While scrolling through your Instagram feed, you can see the evolution of your work when going from the bottom to the top – how long have you been pursuing art so far and how were you able to settle into your current style?
I’ve been pursuing design now for ten years, more on the art side for about five. I could be more successful if I stuck with my older style, but I feel more satisfaction in experimental methods of creation opposed to styles I’ve already mastered. I try to keep some stuff from my older style and incorporate it into new methods I’ve discovered along the way. Over the years, I’ve become more interested in minimalism and iconography over overly-detailed complexity. I’ve also become more interested in ideas over the obvious. When I first started creating, I worked mostly in the hip-hop scene, which influenced my work dramatically at the time. Now I work mostly in streetwear which dramatically influences the creative choices I make in my new work. I don’t think I’m ever comfortable saying I’ve found “my style,” because it’s ever-evolving and changing as I do, and I’ve yet to find an aesthetic that is truly, 100% original in every aspect – so I keep pushing until I do.
What’s your creative process like? How do you approach starting a new piece?
I mix both digital and traditional for almost everything I do commercially. I have a ton of different processes though. It’s kind of hard to explain because it all depends on the outcome I’m going for. I’ll explain one process I have – I love to draw in charcoal. I’ll do multiple charcoal sketches until I find one I like, scan it digitally and then draw-out assets to incorporate into it. I then will colorize it digitally, or sometimes I’ll draw out the color on separate scans because I like the natural texture of physical mediums that you can’t always get digitally. But again, that’s just one of many processes. I can walk you through specific pieces, but trying to explain everything is nearly impossible. I will say, my favorite mediums are charcoal, oil paint and Adobe Illustrator. A contradiction for sure, but art shouldn’t make sense [laughs].
That’s fair – it’s not bad to have many different mediums! Now I know you said you’ve been working in streetwear lately as well – tell me a little about that.
I design for basically every streetwear brand in New Orleans, a few in Atlanta, Los Angeles and NYC. Some brands I’m under contract to be a ghost designer so I can’t really speak about those, but some of my favorite brands I design for are Tvche and Haunt Nola. They give me a lot of room to experiment and find new aesthetics. Other brands have very strict guidelines that they don’t like to move out of, which I understand, but it’s very limiting creatively.
Is clothing design something you see yourself doing long-term?
I’ll put it this way – if I end up as a fashion designer, it wouldn’t be the end of the world as I enjoy doing it. I’ve always seen myself as more of an artist and always wanted to do gallery shows as a legitimate painter. I do have my oil paintings hanging in multiple galleries, but because of all the other work I do, it’s hard to be taken seriously by the art industry. Working digitally in any sense is a big no-no in the [traditional] art world, which is dumb. If I do end up in the fashion industry later in my career, I’d like to be more into brand-building than freelance. I’d like to have my ideas taken seriously by a Louie or Gucci or Burberry. I have ideas where to take these brands in [terms of] creative direction. I think about it often, in fact I’ve thought about it everyday for the last three to four years. But whatever I’m doing, from fine art to graphic arts to streetwear design, I take it very seriously. But I don’t dwell too much on where it’s taking me because I’ve learned over the years that nothing works out as planned, so I just go with the flow.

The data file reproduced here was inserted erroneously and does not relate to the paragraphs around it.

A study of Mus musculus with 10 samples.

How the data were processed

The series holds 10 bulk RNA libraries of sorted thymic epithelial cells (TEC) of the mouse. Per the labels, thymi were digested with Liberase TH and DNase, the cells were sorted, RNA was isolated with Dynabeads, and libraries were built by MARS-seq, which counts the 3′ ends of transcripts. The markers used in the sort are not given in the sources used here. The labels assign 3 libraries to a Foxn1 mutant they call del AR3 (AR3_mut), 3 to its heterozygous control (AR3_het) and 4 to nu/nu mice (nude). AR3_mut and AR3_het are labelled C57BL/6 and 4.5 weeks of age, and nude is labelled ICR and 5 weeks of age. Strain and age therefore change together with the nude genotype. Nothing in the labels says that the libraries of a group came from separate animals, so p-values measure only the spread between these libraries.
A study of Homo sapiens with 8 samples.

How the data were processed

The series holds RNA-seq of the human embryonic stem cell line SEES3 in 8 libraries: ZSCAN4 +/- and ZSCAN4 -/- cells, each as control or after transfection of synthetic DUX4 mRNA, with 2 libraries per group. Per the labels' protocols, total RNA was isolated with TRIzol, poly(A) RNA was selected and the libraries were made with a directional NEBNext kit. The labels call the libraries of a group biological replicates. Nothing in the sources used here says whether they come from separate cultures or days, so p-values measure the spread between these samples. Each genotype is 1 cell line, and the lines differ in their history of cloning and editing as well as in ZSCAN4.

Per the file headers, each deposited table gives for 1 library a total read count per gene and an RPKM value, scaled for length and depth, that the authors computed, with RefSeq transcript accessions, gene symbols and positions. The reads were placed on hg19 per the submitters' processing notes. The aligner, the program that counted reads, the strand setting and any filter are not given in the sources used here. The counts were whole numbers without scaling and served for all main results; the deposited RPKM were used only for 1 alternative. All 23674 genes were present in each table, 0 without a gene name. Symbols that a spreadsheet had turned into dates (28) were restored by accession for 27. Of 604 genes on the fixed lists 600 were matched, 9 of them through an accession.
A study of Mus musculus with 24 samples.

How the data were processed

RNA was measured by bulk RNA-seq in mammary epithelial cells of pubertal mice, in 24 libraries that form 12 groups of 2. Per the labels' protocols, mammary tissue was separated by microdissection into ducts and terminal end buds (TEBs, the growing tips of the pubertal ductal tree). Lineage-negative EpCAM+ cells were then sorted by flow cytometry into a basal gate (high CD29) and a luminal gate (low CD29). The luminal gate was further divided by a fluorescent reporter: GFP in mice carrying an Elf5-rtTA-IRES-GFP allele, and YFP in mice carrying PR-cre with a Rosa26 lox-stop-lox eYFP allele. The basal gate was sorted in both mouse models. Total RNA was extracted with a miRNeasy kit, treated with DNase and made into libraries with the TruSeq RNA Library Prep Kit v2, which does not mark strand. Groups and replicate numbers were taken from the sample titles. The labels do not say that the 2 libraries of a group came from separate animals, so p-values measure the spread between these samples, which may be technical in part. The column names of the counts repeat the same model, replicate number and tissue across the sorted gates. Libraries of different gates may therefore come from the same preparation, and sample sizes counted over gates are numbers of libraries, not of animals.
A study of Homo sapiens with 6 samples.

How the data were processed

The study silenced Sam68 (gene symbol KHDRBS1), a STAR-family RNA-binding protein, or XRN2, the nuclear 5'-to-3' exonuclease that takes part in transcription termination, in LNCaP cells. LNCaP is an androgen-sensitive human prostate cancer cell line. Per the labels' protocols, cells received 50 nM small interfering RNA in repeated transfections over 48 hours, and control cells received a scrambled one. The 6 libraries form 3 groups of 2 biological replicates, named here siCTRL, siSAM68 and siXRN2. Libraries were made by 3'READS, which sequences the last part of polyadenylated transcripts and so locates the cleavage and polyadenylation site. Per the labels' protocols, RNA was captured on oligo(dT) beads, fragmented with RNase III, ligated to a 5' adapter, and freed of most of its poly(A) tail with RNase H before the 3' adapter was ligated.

It’s definitely not bad to have those goals, though. And it seems that you’ve been making some big strides already, so congrats on that! Can you tell me a bit more about your paintings that are displayed in galleries? How long did it take you to get these placements and what does it mean for you to have them?
I’m represented by Gallery Arlo in the French Quarters [of New Orleans] and I’ve shown in other galleries in Milwaukee, Atlanta, and New Orleans. I view painting differently from design and enjoy more abstraction than figurative [work]. Art is freedom, while design is a solution. Painting to me is pure creative expression. It’s the same principles of design aesthetics, but no one tells you how to do it. I got placements pretty naturally as I know many people in the industry, but I still want to work with gallerists like Maddox. Those kinds of galleries are what I aspire to.
Since you seem to be ever-evolving and refuse to put yourself in a box, do you see yourself dabbling in any new mediums in the future?
Large-scale oil paintings [that are] 20-30 ft. On scale of Damien Hirst, David Hockney or Retna – who are three of my biggest inspirations. I also want to get more into silkscreens, and more sophisticated product design – stuff a little bit more fulfilling than just t-shirts and ready-made products. I’ve been taking architecture classes that have been helping me understand how to scale up better.